The Journal of the South African Theological Seminary - Retaining An Apostolic Approach to Church Life Conspectus : The Journal of the South African Theological Seminary, Volume 5, Issue 03, Mar 2008, p. 39 - 65

By: Peppler, Christopher L, Black Malcolm M
Material type: Computer fileComputer filePublisher: Johannesburg, South Africa South African Theological Seminary Press 2008Subject(s): ChurchSummary: This article briefly examines the current return to apostolic Christianity in various parts of the world and references three earlier Christian movements that came into existence at approximately 100-year intervals, beginning with the Methodist movement in the 1700s, culminating with observations of a current apostolic movement that began in the early 1980s, known as New Covenant Ministries International, in an attempt to ascertain how they embraced early apostolic principles. The article highlights the strengths of several movements but also makes observations about how these movements lost their initial effectiveness by becoming institutional and, in many cases, forfeited their initial vision of impacting the world with the gospel of Jesus Christ. We examine possible reasons why these movements lost their fervour and discuss possible ways of how current movements could learn from their mistakes not only maintain their spiritual fervency but sustain their vision and momentum of reaching the nations with the gospel to succeeding generations.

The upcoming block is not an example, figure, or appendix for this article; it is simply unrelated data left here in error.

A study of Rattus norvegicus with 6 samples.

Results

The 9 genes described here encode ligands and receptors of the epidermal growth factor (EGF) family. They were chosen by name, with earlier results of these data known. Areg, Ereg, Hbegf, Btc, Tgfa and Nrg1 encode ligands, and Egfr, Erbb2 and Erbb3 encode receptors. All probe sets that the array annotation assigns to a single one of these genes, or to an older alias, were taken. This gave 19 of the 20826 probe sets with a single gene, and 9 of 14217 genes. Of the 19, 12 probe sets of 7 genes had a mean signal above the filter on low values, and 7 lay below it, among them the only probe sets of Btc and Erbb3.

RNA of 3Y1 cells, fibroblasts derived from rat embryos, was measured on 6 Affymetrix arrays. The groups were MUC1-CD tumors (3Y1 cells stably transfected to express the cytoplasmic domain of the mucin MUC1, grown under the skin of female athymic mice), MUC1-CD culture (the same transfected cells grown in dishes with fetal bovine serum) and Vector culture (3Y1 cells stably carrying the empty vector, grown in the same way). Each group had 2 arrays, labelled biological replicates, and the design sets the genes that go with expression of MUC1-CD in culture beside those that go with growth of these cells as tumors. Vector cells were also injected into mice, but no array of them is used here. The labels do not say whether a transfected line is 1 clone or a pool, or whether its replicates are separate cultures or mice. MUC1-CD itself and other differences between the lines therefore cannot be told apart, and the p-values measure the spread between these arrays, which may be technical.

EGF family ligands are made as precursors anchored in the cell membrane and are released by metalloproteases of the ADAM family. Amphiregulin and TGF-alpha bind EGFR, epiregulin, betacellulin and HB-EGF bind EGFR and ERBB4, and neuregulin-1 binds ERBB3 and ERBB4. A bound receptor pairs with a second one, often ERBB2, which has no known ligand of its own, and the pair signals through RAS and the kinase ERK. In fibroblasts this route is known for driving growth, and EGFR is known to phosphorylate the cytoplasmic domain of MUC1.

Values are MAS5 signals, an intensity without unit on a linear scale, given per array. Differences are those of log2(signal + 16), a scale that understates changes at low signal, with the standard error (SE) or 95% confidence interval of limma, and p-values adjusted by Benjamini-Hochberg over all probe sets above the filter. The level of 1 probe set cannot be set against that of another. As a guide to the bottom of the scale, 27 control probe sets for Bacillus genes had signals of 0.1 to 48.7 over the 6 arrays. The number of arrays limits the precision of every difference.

List(s) this item appears in: Conspectus: The Journal of the South African Theological Seminary

This article briefly examines the current return to apostolic Christianity in various parts of the world and references three earlier Christian movements that came into existence at approximately 100-year intervals, beginning with the Methodist movement in the 1700s, culminating with observations of a current apostolic movement that began in the early 1980s, known as New Covenant Ministries International, in an attempt to ascertain how they embraced early apostolic principles. The article highlights the strengths of several movements but also makes observations about how these movements lost their initial effectiveness by becoming institutional and, in many cases, forfeited their initial vision of impacting the world with the gospel of Jesus Christ. We examine possible reasons why these movements lost their fervour and discuss possible ways of how current movements could learn from their mistakes not only maintain their spiritual fervency but sustain their vision and momentum of reaching the nations with the gospel to succeeding generations.